Why some wearable-makers are looking beyond the wrist
By cuterose

Why some wearable-makers are looking beyond the wrist

09/05/2022  |   488 Views

The rise of wearables has centered on the wrist, but some companies are targeting other parts of the body.
ByJordan McDonald

· 5 min read

Wearables, and digital health tracking in general, have skyrocketed in popularity since the early ’10s, and their rise has largely focused on one specific body part: the wrist.

As of Q3 2021, 56% of wearables were watches or wristbands, per IDC data, which also noted that the Apple Watch alone accounts for over 53% of the wearables market in revenue terms. Over 138 million wearables were shipped in 2021, according to IDC, compared to ~78 million units in 2015.

But a handful of companies, like Whoop, Oura, and Moov, are looking to branch out from the wrist and produce slimmed-down and less noticeable wearables. In part, this is likely an effort to differentiate from the dominant players—or, really, player, in Apple—but the companies also claim that different body placements can yield better tracking for certain goals.

“I definitely see more and more companies that are experimenting in this area,” Nick Babich, design director at product design firm Milkinside, told Emerging Tech Brew. “But in terms of mass consumption…in comparison to smartwatches, I don't see the same number of users for those kind of devices. So we’re probably at the early stages, when our mass audience realizes that they want to switch to those devices.”

The share of wearable devices that are not wrist- or ear-based increased from 7% in Q3 2020 to 12% a year later, per IDC, indicating a greater appetite for different form-factors.

Wearing less, tracking more?

Fitness tracking startup Whoop, which is valued at $3.6 billion, has expanded beyond its original wrist-based design into smart garments. Dubbed Whoop Body, the product is essentially a fitness clothing line, featuring items like compression shorts or bralettes, in which the Whoop 4.0 fitness tracker can be placed. Many of the same metrics tracked by wrist-based wearables—like heart rate and heart variance—are collected, even though the sensors are on different parts of the body.

John Capodilupo, co-founder and chief technology officer at Whoop, told Emerging Tech Brew that some of the best places to get an accurate measurement of heart rate may not be the wrist, bicep, torso, but instead the forehead, ear lobes, and lips. Unfortunately, there’s at least one major problem with that: Design and style preferences may make digital health companies think twice about developing, say, lip rings or headbands that track your heart rate.

Why some wearable-makers are looking beyond the wrist

Whoop’s smart apparel is an attempt to find a middle ground between form and function. Capodilupo says the clothing line can keep its trackers stable in places that have less motion than the wrist, like the small of the back or torso, leading to more accurate tracking.

“Fundamentally, when you’re not moving at all, most places on the body give a pretty decent signal,” Capodilupo said. “The wrist and the finger are not ideal places by any means, because of all the motion that a human does with those appendages throughout the day. The motion is really what makes getting an accurate heart rate continuously hard.”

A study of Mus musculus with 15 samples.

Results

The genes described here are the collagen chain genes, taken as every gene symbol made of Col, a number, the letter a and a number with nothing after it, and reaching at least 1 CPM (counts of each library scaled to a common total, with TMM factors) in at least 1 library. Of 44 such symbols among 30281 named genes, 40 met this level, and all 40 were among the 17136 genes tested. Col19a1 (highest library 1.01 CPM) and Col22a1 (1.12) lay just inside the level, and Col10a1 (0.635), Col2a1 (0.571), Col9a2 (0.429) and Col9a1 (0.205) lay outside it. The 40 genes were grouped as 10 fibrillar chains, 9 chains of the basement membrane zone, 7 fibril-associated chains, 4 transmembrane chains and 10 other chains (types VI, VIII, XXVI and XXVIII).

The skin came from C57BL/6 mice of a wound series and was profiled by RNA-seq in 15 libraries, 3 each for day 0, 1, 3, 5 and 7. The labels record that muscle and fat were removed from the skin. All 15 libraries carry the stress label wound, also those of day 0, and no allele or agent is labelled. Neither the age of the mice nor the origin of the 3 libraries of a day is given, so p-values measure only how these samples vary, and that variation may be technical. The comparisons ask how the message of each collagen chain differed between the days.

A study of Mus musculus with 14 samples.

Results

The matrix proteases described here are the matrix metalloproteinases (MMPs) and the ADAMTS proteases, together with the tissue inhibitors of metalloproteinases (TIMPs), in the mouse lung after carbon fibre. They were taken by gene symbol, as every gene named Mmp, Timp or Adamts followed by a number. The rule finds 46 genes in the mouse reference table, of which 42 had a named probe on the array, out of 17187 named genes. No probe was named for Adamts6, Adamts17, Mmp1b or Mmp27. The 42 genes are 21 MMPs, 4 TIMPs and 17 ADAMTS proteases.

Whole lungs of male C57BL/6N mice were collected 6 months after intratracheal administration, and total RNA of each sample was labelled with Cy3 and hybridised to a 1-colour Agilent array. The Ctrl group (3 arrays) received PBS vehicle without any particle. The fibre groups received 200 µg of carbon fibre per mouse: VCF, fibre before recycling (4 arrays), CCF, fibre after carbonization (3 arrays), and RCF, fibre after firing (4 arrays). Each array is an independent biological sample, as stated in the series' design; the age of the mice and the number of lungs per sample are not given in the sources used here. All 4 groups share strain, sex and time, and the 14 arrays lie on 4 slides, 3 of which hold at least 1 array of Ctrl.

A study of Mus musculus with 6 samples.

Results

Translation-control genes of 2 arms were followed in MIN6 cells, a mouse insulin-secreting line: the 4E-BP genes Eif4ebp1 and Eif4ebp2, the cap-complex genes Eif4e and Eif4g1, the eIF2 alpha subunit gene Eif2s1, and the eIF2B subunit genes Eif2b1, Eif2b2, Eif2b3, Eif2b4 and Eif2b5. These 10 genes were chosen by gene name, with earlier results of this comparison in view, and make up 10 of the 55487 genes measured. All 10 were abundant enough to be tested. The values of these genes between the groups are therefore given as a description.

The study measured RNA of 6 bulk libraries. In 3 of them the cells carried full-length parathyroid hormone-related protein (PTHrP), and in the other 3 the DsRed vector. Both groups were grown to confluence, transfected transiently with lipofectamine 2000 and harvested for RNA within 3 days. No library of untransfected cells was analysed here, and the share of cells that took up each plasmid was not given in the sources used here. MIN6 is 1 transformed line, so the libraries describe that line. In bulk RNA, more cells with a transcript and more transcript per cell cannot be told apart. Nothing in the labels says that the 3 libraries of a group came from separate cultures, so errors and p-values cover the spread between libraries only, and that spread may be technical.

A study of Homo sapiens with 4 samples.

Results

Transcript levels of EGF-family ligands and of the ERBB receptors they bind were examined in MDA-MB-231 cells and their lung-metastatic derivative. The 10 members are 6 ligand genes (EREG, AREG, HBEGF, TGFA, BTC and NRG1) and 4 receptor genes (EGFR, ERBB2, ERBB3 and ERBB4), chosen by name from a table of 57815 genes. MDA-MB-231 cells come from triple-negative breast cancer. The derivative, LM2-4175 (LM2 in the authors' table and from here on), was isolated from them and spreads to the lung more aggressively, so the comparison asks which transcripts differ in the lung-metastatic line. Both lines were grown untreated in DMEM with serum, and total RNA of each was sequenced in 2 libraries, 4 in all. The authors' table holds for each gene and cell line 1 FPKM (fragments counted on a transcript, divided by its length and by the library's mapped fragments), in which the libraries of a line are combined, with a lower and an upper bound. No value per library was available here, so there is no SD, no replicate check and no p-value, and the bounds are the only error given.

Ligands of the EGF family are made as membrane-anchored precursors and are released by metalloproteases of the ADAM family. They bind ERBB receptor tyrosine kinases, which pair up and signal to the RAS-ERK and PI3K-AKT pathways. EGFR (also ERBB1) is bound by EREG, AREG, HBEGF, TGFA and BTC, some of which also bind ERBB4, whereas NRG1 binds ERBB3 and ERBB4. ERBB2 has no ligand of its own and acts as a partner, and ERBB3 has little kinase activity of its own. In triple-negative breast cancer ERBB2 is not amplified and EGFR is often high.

Whoop declined to share sales figures for its Body segment, which debuted in September.

Meanwhile, Ōura, a digital health company based in Finland and San Francisco, has taken the mantra of inconspicuousness to an even smaller form, with its Ōura Ring. The health tracker is normally worn on the index finger, and it keeps tabs on metrics like heart rate and heart-rate variability, body temperature, and movement, although its most-marketed use case is sleep tracking.

Jason Russell, director of product at Ōura, told Emerging Tech Brew that the ring’s design emphasizes “being comfortable, being lightweight, being out of the way.”

“It’s not buzzing, it’s not flashing notifications,” he said. “I think I’ve worn watches where the premise was, ‘reduce your screen time by wearing this watch.’...But in my experience, I felt like I’m just bringing more screens into my life.”

In May 2021, Ōura said it crossed the 500,000 mark for units sold of its Ōura Ring product.

Smaller and smaller designs have been enabled by big-picture trends like the miniaturization of semiconductors and of batteries. On that second point, thanks to a new battery partnership with battery startup Sila Nanotechnologies, Whoop was able to make its 4.0 fitness tracker 33% smaller without, it claims, sacrificing battery life.

While moving away from the wrist could allow better applications of certain tech, like heart rate monitors, much of the research around wearables is centered around the wrist, making other parts of the body comparatively uncharted territory.

Plus, the wrist is—in many ways—a functional and familiar place to wear accessories.

As some wearables companies look to venture away from the body part that made wearables a mainstay, Capodilupo envisions a future where wearables are less intrusive—in size and form factor—but more useful in daily life.

“The big area I think is really exciting is as wearables get smaller, and especially as they move throughout the body, is the ability to fuse multiple different sensors together and derive not just double the insights, but exponentially more insights than you would be able to from just having two on your wrist,” Capodilupo said.

Correction: An earlier version of this article incorrectly referred to Ōura as a Boston-based company. We updated this piece on 2/28 to clarify that it is actually based in Finland and San Francisco, we apologize for the error.